EU: 'Real split' over vaccine passport idea says expert
The European Commission President made clear that a draft law will be unveiled after member states agreed to implement a of digital certification scheme that coincides with the rollout of Covid jabs. Mrs von der Leyen said: "As for the question of what the digital green passport could look like: we will submit a legislative proposal in March." EU diplomats say that capitals agreed to work on plans to stop some countries, such as Greece, going alone with their own vaccine passports.
One insider said: “We’ve agreed on the data set but not on what the vaccine passport will be used for.”
The source added that some member states want to use the scheme to unlock international travel for the summer holidays while others are more interested in using it to reduce intra-EU barriers.
Last week Mrs von der Leyen said technical work on an EU vaccine certificate would take at least three months to complete.
Ursula von der Leyen to unveil EU vaccine passport plans in weeks
The top eurocrat, however, cast doubt on whether the passport would be used to reopen the tourism industry.
She said: “The time frame, the three months is regarding the technical development, so we do need at least three months for the technical development of an interoperable system on the European level.
“There is lots of work to do by the Commission on the European level and lots of work to do technically for the member states on the national level.”
The EU’s coronavirus certificates will carry information on whether people have received a vaccine, a negative test or have antibodies.
Southern EU states that heavily rely on their tourism industries have championed the so-called “coronavirus passports”.
Austria and Bulgaria have also shown support for the scheme to help facilitate movement around the bloc.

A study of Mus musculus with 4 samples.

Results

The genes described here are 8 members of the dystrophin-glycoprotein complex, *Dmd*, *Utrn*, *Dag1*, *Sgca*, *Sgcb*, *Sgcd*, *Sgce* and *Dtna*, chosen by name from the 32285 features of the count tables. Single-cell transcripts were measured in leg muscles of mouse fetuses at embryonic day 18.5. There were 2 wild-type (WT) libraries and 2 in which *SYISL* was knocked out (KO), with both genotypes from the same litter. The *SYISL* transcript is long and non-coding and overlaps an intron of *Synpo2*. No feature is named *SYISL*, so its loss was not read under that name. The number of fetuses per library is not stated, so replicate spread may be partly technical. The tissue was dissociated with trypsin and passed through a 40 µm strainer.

Estonia, Finland, Denmark, Sweden, Hungary, and Poland also back vaccination passports.
But German Chancellor Angela Merkel has pushed back against using a digital certificate to start allowing foreign tourists into the bloc.
After last week’s virtual leaders summit, she said: “Everyone agreed that we need a digital vaccination certificate.”
But the influential EU leader poured cold water on the plans to unlock tourism.
“In the future, it will certainly be good to have such a certificate but that will not mean that only those who have such a passport will be able to travel; about that, no political decisions have been made yet,” she said.
Airlines have urged Brussels to consider using the vaccine passport to restart the travel industry.
In a letter, the International Air Transport Association has called on EU leaders to “agree on the crucial role of secure digital solutions, such as the IATA Travel Pass”.
“The digital solution can verify the applicable legal framework at departure and arrival jurisdictions, ensuring that the travel knows all the measures and conditions applicable.”
EU member states have unanimously backed the plan for a bloc-wide scheme amid concerns that fraudsters will attempt to sell illicit vaccine certificates.